June is a great month for stargazing, with shorter nights meaning more to see in the early hours of the morning.
Here's what to look out for and when.
Alignment of the planets
You'll have a better chance at spotting the brighter planets (Mercury, Venus, Mars, Jupiter and Saturn) during the mid to end of this month.
Earlier sunrises will make the planets a little clearer, with the full line up most visible from around 4am.
If you're up for an all-nighter, keep an eye out for Saturn at around 1.30am, followed by Jupiter, Mars around 2.30am, and Venus at 3.30am.
The more distant planets, Uranus and Neptune, will only be visible with binoculars or a telescope.
Closer to home - look out for the moon
It's an exciting month for stunning views of the moon too - and it's a little closer to home so less likely to be impacted by bad weather and poor visibility.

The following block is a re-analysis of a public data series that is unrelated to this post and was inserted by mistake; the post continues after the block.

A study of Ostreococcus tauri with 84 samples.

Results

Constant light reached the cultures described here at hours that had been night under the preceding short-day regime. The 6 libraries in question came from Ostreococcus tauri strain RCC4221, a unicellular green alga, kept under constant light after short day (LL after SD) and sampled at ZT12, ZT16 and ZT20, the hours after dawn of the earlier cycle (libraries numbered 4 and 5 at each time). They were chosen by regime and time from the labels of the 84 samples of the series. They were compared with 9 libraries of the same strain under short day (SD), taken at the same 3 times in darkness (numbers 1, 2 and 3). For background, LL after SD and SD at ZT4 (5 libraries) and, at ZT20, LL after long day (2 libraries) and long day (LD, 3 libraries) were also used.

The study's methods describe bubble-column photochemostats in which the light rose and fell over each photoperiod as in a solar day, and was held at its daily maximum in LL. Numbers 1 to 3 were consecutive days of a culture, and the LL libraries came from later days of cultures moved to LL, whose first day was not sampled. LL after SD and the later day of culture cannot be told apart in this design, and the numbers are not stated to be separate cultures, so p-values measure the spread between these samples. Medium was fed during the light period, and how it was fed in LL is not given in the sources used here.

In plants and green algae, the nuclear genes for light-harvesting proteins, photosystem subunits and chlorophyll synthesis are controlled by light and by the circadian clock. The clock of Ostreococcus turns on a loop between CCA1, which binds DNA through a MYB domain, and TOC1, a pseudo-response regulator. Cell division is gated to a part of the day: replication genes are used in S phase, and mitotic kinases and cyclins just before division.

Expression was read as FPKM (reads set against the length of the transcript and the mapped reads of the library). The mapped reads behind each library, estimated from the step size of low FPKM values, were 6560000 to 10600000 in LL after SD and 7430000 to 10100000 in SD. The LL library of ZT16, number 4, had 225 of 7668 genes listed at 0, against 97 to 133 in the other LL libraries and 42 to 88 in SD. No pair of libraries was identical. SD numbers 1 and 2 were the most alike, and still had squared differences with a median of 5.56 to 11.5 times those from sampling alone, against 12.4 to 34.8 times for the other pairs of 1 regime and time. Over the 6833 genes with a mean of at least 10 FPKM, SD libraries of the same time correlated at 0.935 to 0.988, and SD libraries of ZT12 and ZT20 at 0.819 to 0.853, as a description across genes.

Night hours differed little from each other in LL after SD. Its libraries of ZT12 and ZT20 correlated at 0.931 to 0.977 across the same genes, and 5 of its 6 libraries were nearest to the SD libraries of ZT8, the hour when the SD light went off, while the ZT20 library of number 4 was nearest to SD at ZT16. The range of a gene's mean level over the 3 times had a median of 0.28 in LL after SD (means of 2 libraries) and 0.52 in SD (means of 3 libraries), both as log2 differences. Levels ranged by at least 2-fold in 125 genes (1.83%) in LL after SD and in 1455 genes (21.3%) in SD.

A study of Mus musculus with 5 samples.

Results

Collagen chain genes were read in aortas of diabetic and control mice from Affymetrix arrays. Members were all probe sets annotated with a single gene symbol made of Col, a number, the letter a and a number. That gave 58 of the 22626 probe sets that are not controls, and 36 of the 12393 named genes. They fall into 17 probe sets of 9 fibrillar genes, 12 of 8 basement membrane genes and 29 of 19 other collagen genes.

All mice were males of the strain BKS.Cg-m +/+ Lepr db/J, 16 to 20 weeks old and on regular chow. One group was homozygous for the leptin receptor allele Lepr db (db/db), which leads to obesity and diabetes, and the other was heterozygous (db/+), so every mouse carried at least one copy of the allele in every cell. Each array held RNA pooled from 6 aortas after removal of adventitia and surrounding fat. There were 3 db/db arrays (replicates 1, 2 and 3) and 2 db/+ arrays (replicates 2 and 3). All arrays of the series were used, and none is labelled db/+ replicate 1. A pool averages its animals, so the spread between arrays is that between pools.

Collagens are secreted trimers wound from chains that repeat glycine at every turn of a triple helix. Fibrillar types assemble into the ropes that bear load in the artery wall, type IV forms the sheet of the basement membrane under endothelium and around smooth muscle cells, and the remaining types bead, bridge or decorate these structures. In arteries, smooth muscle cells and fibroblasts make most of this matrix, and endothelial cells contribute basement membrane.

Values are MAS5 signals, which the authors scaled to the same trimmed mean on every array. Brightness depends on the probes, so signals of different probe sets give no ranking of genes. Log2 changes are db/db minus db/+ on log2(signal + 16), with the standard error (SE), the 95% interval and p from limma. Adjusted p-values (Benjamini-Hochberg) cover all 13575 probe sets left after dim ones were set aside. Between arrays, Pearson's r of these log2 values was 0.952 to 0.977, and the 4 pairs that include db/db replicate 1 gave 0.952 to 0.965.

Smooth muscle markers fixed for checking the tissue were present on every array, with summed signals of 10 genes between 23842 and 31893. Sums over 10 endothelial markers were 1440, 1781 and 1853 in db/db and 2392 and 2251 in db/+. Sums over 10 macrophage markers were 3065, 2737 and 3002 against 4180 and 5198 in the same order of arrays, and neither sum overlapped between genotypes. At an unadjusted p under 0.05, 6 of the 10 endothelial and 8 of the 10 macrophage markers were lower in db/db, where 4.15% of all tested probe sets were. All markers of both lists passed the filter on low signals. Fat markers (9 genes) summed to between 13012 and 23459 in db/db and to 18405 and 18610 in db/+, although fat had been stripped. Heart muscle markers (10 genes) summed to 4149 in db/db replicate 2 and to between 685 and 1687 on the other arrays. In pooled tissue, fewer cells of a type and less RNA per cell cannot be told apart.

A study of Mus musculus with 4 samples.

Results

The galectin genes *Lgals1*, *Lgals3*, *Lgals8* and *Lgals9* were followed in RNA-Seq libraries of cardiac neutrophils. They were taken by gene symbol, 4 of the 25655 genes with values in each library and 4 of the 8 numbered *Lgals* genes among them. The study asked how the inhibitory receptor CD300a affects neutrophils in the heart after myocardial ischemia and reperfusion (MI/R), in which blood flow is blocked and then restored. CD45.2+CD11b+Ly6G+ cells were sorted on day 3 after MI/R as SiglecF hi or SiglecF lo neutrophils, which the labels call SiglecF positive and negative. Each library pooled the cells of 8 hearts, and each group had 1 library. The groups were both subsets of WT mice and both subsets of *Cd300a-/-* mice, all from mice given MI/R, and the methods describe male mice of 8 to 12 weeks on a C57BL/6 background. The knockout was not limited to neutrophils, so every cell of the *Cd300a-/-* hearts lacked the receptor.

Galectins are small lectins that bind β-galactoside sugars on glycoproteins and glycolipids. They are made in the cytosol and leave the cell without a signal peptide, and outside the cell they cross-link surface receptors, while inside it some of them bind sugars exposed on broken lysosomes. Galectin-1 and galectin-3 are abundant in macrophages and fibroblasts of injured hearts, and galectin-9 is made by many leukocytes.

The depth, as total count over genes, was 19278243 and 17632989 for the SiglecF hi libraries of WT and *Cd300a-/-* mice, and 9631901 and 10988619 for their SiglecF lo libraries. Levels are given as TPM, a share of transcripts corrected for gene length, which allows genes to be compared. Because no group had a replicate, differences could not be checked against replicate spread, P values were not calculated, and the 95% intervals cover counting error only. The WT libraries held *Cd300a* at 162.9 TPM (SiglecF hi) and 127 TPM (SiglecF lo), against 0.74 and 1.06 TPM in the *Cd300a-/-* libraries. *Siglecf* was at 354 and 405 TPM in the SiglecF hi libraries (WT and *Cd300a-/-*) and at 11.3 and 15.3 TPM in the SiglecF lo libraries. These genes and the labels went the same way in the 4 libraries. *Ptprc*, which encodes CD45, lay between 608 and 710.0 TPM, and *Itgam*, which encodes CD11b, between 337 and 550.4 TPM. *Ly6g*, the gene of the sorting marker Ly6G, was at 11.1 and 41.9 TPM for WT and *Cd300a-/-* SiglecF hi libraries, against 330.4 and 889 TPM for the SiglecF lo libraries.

There'll be a supermoon on June 14 - when the full moon coincides with the moon being closest to earth in its orbit - giving us something a bit brighter and a bit bigger.
The movement of the moon through June is a helpful pointer too for where to look to find the planetary alignment.
On June 18 and 19, the moon will be 75% as it passes Saturn.
On June 22 it will be less than half illuminated as it sweeps under Jupiter.
On June 23 it'll be in a similar state as it passes Mars.
On June 26 and 27, as the moon passes Venus and Mercury, it'll be only 5% illuminated.
Other spectacular sights
Summer months provide the perfect opportunity to glimpse towards the centre of our galaxy. Avoid light pollution and look south from really dark-sky sights to get a chance of some fantastic views of the star-packed core of the Milky Way.
If you turn your gaze north, there's a chance of spotting the glow of noctilucent clouds.
Also known as "night-shining" clouds, they appear when tiny ice crystals high up in the atmosphere are lit from underneath by the sun sitting just below the horizon.
Best chances of catching a glimpse are between May and August in the northern hemisphere. Look north, towards the lightest patch of the night sky, particularly in the few hours after sunset and before sunrise.